TBI and dementia
The Allen Institute for Brain Science, a non-profit research organization, has produced an image database that hopes to uncover the elusive factors relating to how brain trauma may affect the brain’s ability to age in a healthy way.
The research made use of the Adult Changes in Thought study, a longitudinal effort that has collected information on thousands of older adults. Scientists from the University of Washington dove into the data to examine possible effects of traumatic brain injury (TBI) on dementia risks later in life.
Researchers examined the effects of mild to moderate TBI on the aged brain, comparing samples from patients who had self-reported “loss of consciousness” episodes against a control group. In all, the team examined post-mortem samples from 107 brains aged 79 to 102, with tissue collected from various parts of the brain.
“Interestingly, while we see many other trends in these data, we did not uncover a distinctive genetic signature or pathologic biomarker in patients with TBI and loss of consciousness in this population study,” said Ed Lein, Ph.D., Investigator at the Allen Institute for Brain Science, in the Allen Institute announcement.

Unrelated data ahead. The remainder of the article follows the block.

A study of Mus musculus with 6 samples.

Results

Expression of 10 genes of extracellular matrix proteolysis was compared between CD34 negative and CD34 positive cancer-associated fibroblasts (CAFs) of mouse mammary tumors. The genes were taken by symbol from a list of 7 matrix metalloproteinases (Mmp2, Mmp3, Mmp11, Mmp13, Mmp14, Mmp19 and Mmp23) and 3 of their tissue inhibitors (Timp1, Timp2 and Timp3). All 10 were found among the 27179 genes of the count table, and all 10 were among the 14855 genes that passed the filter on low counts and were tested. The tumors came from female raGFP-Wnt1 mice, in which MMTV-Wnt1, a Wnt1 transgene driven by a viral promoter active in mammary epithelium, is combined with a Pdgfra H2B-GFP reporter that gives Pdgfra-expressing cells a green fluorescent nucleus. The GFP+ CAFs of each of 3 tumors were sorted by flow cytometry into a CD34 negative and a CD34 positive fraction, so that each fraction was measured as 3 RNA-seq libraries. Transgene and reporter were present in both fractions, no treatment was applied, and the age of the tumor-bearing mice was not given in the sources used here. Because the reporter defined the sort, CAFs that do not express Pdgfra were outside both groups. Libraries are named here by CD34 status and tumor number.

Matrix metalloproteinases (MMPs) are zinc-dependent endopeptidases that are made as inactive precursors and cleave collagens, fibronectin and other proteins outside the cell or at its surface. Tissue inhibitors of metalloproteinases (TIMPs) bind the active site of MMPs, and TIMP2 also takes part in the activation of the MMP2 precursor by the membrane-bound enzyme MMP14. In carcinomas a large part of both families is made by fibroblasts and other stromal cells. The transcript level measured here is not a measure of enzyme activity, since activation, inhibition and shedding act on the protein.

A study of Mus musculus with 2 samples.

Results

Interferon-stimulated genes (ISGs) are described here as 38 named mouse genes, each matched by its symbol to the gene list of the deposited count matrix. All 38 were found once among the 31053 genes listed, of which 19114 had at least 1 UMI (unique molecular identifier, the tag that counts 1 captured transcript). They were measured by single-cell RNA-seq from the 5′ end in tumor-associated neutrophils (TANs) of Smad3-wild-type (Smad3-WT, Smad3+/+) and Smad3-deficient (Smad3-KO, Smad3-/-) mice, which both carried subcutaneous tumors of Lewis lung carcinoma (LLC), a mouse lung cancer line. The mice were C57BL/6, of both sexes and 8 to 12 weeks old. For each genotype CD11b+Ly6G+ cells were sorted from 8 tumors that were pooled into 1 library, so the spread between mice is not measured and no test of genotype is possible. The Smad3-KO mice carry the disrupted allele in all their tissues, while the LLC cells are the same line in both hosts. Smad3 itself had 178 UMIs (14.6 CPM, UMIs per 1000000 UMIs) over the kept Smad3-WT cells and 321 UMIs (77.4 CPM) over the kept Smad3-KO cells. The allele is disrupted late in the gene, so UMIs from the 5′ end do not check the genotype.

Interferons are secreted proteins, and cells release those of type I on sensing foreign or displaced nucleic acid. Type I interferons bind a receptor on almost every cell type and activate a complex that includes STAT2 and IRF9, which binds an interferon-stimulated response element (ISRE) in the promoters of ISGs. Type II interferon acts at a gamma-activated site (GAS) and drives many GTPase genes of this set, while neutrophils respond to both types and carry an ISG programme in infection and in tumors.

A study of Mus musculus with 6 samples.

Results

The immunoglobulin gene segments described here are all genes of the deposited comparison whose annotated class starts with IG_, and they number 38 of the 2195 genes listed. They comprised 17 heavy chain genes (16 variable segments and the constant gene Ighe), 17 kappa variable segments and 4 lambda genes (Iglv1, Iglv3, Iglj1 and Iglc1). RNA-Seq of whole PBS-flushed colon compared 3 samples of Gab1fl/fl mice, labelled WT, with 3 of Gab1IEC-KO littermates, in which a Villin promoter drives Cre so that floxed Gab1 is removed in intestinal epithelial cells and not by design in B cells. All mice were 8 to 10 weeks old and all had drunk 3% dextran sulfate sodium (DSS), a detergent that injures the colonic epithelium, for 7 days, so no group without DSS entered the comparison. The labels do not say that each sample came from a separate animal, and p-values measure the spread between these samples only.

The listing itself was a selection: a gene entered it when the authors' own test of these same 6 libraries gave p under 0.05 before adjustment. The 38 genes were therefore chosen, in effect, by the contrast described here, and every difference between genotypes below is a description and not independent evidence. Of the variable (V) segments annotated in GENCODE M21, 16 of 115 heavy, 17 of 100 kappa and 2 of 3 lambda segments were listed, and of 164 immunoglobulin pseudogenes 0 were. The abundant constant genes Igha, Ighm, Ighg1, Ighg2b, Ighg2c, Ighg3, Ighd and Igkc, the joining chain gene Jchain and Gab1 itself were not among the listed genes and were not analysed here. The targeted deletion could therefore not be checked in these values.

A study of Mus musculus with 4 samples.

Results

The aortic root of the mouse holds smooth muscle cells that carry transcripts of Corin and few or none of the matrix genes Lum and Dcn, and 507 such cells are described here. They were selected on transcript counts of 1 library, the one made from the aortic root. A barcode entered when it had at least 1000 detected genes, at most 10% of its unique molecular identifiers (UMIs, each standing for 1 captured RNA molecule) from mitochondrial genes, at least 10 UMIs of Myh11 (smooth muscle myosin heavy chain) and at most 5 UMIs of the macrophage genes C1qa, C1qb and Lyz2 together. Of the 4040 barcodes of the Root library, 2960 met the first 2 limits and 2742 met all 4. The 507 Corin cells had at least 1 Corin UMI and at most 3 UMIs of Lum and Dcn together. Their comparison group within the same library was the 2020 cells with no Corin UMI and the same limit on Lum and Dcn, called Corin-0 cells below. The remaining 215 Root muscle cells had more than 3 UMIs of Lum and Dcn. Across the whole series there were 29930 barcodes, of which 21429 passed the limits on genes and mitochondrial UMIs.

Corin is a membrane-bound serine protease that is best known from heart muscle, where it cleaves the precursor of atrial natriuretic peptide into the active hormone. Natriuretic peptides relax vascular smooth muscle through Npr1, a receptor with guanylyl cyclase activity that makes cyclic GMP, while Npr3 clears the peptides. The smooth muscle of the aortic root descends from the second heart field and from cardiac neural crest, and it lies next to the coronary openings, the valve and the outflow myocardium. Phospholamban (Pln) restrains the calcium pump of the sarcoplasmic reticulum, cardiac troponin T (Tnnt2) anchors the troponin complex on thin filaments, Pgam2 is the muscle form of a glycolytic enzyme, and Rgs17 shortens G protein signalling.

Although the study found no clear pattern of risk between TBI and dementia so far, the results could lead to better interventions for those with TBI. The research, the first to include such a large data pool and a variety of data types, culminated in a massive image database that shows, disease state, protein status and gene expressions.
Best of all, the data will be made available online to other researchers working on better ways to diagnose and treat neurodegenerative diseases.
Pamela Tabar was editor-in-chief of I Advance Senior Care from 2013-2018. She has worked as a writer and editor for healthcare business media since 1998, including as News Editor of Healthcare Informatics. She has a master’s degree in journalism from Kent State University and a master’s degree in English from the University of York, England.